Christopher Adams

Christopher Adams is the Markets and Banking reporter for the New Zealand Herald

Kathmandu shares hit new high as rival falters

Kathmandu's share price has hit a new high, as one of its Australian rivals goes into voluntary administration. Photo /  Natalie Slade
Kathmandu's share price has hit a new high, as one of its Australian rivals goes into voluntary administration. Photo / Natalie Slade

Kathmandu shares have hit an all-time-high after administrators were called into a major Australian competitor, which is blaming the NZX-listed outdoor clothing and equipment retailer's aggressive discounting - as well as high rents and labour costs - for the problems facing its business.

Adventure wear seller Snowgum, which operates 17 company-owned and eight franchised stores across the Tasman, went into voluntary administration following a rent dispute with the landlord of one of its stores, according to Australian media reports.

The business is now up for sale.

Voluntary administration involves freezing a company's assets while the administrators and creditors determine its fate.

Kathmandu shares rose more than 10 per cent to hit $4.01 - their highest level since the firm's 2009 listing - yesterday following the Snowgum news, before falling back to close at $3.93 last night.

Snowgum managing director Ross Elliot told the Sydney Morning Herald that Kathmandu, which operates close to 90 stores in Australia, had "perfected the art of pricing a product at an exorbitant retail price then offering it at 60 per cent off to attract buyers".

"The adventure wear category has traditionally maintained integrity in retail pricing, but Kathmandu has changed all that," Elliot said. "The Kathmandu high-low pricing model where products are constantly on 50, 60 and 70 per cent discount, all year round, has forced the whole category to follow suit."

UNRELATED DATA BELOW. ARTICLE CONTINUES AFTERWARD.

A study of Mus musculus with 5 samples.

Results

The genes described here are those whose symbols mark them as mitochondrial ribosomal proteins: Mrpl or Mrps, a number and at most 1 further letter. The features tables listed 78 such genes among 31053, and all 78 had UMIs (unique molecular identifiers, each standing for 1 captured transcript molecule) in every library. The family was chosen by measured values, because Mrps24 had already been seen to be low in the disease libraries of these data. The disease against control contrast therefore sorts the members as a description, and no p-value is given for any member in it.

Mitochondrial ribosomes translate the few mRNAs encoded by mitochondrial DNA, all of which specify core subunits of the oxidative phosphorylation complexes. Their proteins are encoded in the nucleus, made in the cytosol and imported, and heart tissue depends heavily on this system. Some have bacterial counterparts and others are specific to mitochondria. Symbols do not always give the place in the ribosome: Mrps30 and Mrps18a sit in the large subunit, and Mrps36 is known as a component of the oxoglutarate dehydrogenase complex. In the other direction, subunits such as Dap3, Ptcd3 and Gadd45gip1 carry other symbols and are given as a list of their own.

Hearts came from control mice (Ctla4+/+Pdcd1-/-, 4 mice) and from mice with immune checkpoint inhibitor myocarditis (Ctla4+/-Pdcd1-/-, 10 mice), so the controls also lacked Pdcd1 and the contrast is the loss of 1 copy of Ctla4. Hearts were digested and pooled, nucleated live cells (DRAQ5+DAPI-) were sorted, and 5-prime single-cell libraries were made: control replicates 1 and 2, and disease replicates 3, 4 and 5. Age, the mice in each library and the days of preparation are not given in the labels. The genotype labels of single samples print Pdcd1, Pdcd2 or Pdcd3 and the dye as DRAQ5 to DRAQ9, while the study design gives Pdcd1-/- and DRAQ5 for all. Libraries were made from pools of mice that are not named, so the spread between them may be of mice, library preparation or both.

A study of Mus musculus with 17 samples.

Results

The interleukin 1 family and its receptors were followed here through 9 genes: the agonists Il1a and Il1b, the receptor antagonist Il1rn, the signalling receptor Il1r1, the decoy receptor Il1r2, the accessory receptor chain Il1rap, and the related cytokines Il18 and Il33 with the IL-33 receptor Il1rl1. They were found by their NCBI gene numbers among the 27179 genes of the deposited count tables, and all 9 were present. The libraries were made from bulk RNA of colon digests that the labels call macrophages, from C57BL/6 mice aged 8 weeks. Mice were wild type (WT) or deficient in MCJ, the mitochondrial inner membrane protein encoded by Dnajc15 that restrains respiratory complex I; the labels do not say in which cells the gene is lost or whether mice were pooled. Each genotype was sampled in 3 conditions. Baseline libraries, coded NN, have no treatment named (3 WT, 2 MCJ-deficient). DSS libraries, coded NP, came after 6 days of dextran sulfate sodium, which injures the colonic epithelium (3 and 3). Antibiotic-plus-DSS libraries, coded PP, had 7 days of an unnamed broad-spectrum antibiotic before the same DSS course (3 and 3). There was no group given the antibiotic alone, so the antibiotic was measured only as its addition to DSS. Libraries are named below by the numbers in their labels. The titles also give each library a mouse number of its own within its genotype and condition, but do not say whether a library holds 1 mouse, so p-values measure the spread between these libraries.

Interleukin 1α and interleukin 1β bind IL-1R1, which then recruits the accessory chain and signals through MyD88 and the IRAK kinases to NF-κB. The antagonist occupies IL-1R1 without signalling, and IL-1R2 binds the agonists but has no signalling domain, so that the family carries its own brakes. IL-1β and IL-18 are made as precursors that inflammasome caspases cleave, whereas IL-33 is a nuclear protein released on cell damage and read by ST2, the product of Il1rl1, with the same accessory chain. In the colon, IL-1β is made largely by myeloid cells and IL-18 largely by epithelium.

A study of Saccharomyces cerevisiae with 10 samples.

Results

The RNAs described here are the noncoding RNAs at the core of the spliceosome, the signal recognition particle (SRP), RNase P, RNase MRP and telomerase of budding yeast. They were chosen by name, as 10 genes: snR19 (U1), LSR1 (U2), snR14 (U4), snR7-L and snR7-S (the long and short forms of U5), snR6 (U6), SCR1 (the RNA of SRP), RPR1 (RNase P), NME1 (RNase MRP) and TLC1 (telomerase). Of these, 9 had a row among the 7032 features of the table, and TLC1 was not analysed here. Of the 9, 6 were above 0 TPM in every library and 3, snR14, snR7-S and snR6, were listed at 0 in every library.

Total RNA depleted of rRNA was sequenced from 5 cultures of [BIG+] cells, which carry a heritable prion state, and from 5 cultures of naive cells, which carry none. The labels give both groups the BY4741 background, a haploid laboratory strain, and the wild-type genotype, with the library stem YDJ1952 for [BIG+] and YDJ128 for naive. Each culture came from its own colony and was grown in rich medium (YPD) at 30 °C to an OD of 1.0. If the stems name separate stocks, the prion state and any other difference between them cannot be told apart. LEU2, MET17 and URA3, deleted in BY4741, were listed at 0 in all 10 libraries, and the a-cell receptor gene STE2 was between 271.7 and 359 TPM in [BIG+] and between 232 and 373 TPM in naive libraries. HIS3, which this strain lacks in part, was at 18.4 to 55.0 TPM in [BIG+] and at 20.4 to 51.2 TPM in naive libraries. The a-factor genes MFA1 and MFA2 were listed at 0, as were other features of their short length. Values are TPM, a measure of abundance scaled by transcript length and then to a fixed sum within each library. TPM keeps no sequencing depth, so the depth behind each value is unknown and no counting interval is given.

Kathmandu relies on a number of major sale events each year for a large portion of its revenue.

Peter Halkett, Kathmandu's chief executive, was unavailable for comment.

Elliot said rent and wage increases had also badly affected Snowgum and the business had never really recovered from the global financial crisis.

Snowgum, which was founded as the Scout Shop in Melbourne in 1926, has operated several stores in New Zealand but decided to pull out of this country to focus on Australia during the recent global financial crisis.

Salt Funds Management managing director Paul Harrison said the surge in Kathmandu's share price was directly related to the Snowgum announcement.

"The market obviously thinks [the problems facing Snowgum] show that the Kathmandu business model is working in the sense that it can compete in a marketplace where others are struggling," he said.

Harrison said Kathmandu's margins and business model were "fair".

Kathmandu shares have gained 124 per cent in the last 12 months. The company reported a 26.6 per cent lift in net profit to $44.2 million in the 12 months to July 31.